This was the findings of four major agricultural sectors which said agriculture which appeared to be more eco-friendly but used more land may have greater environmental costs per unit of food than ‘high-yield’ farming.


Lauren   Dean


New research has come out with controversial claims more intensive agriculture that uses less land may also produce fewer pollutants, cause less soil loss and consume less water.

 

This was the findings of four major agricultural sectors, led by the University of Cambridge, which said agriculture that appeared to be more eco-friendly but used more land may have greater environmental costs per unit of food than ‘high-yield’ farming.

 

One example was European organic dairy farming, where for the same amount of milk, organic systems caused at least one third more soil loss and took up twice as much land as conventional dairy farming.

 

Conservation expert and co-author David Edwards from the University of Sheffield said: “Organic systems are often considered to be far more environmentally friendly than conventional farming, but our work suggested the opposite.



 

The report said there was ‘mounting evidence’ to suggest the best way to meet rising food demand while conserving biodiversity was to wring as much food as sustainably possible from the land already farmed – something previously criticised over claims it boosted disproportionate levels of pollution, water scarcity and soil erosion.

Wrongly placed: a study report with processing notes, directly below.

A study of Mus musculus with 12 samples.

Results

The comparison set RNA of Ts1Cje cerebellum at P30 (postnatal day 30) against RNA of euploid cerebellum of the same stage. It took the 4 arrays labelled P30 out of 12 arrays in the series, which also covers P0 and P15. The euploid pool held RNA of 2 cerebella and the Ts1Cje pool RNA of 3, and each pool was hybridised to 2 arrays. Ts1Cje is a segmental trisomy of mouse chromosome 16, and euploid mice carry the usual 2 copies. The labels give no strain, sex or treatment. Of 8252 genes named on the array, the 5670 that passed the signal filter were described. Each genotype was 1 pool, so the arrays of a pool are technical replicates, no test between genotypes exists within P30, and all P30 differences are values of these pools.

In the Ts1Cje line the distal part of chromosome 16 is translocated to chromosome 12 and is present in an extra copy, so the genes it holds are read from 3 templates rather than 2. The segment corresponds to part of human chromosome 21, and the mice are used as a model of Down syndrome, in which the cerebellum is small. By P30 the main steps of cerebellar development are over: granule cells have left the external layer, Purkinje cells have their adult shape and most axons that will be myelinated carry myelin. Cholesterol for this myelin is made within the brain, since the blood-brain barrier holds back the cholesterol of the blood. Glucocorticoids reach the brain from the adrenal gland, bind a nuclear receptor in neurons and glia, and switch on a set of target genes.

But the university’s studies instead found examples of high-yield strategies in Poland, Brazil, Australia, Mexico and Columbia to be less ecologically damaging using ‘much less’ land.

 

Environmental cost

It analysed information from hundreds of investigations into four vast food sectors, accounting for large percentages of the global output for each product: Asian paddy rice (90 per cent), European wheat (33 per cent), Latin American beef (23 per cent), and European dairy (53 per cent).

 

In field trials, inorganic nitrogen boosted yields with little to no greenhouse gas ‘penalty’ and lower water use per tonne of rice, while greenhouse gas emissions could be halved in some systems per tonne of beef where yields were boosted by adding trees to provide shade and forage for cattle.

The scientists said more research was ‘urgently needed’ on the environmental cost of different farming systems.

 

Study lead author Andrew Balmford, Professor of conservation science from Cambridge’s department of Zoology, said: “Agriculture is the most significant cause of biodiversity loss on the planet.

 

“Our results suggest that high-yield farming could be harnessed to meet the growing demand for food without destroying more of the natural world.

 

“However, if we are to avert mass extinction it is vital that land-efficient agriculture is linked to more wilderness being spared the plough.”